Hutton killing shakes Black Panther Party
Controversial death comes days after King's assassination in Memphis
On April 6, 1968, America was in turmoil.
Civil rights leader Martin Luther King Jr. had been assassinated two days earlier while standing on a second-floor balcony at the Lorraine Motel in Memphis, Tennessee. His killer was on the loose and the U.S. Army was in Chicago quieting the riots that had erupted in the wake of King's murder.
That night, gunfire ripped through the streets of West Oakland. When it was over, four men were wounded and a young man named Bobby Hutton was dead, less than three weeks before his 18th birthday.
An April 7, 1968, article in the Oakland Tribune describes a scene of violence. Two police officers pulled over to question the occupants of several cars parked on Union Street and one was shot as he stepped out from the passenger side of his cruiser. His partner was grazed by buckshot and a total of 49 bullets pierced their car while another patrol car was burned.
The newspaper went on to report that after the officers radioed for help, a few suspects ran into a house on 28th Street and others to a residence on Union. More officers arrived and a gunbattle erupted. Some residents of the house on 28th St. left the building before police launched tear gas and a fire ignited. Eventually, Black Panther Party members Bobby Hutton and Eldridge Cleaver emerged.
The details of what happened next were debated then and are still debated today. Police said Hutton, clad in a coat, was acting suspiciously. They told him to halt and he didn't so they opened fire.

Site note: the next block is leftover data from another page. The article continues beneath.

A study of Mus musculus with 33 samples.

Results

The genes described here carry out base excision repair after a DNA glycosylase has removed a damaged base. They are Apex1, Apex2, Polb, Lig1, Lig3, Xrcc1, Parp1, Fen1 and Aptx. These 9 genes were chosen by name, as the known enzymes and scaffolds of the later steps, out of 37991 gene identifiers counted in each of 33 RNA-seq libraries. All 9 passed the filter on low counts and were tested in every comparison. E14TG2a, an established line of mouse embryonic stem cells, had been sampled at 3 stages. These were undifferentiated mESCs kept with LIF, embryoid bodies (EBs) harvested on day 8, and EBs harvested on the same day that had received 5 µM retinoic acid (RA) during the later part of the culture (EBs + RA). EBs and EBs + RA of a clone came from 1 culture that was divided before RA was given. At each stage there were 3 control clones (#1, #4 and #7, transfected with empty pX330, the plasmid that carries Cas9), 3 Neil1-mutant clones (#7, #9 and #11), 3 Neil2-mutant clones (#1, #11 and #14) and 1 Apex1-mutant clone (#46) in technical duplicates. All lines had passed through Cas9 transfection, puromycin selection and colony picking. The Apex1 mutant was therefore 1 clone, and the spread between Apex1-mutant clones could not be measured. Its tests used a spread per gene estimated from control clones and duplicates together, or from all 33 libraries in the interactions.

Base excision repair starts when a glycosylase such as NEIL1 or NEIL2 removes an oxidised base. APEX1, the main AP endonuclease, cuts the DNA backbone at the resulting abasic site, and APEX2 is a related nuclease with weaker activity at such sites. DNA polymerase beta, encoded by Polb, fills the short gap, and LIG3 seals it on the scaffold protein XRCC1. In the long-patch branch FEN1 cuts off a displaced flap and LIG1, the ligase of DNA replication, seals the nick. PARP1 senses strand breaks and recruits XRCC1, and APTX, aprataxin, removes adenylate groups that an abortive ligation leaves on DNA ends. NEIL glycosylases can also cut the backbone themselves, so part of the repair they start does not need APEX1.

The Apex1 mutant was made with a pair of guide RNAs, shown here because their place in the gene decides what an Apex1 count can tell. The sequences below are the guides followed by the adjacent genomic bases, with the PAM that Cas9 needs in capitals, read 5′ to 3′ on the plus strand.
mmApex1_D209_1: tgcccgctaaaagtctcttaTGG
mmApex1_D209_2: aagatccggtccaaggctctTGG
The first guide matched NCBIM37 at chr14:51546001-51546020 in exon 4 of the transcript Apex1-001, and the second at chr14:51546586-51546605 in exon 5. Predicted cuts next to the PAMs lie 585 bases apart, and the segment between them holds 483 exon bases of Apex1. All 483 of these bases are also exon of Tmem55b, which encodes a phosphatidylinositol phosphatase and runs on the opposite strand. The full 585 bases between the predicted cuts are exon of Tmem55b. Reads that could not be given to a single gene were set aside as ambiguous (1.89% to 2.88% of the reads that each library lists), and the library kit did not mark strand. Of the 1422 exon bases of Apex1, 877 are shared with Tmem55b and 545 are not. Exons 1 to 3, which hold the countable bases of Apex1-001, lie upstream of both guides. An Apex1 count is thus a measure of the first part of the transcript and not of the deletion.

Cleaver, one of the Panther's founders and the party spokesman, said that Hutton had stripped to his underwear to prove he was unarmed and was shot more than a dozen times.
Hutton had joined the Panthers nearly two years earlier and embraced their call to protect African-Americans from claims of police brutality. He was the group's first recruit and first treasurer and in 1967 joined other Panthers in Sacramento to protest a bill that prohibited the public from carrying firearms.
His funeral was held six days after the shooting and three days after King's. More than 2,000 people attended the service at the Ephesian Church of God in Christ in Berkeley.
His death fueled the Panthers and is considered a major catalyst in the group's history. It is echoed today in the cases of Oscar Grant, a 22-year-old shot in Oakland by a Bay Area Rapid Transit police officer and 17-year-old Trayvon Martin of Florida, shot and killed by a neighborhood watch coordinator.
Cries of racial profiling surround their deaths much like those voiced after Hutton's killing. The past continues to reverberate.
Image credit: Emory Douglas, 'Lil' Bobby Hutton, Circa 1973. Offset lithograph, 22 x 14.125 in. Collection of the Oakland Museum of California, All Of Us Or None Archive. Fractional and promised gift of The Rossman Family.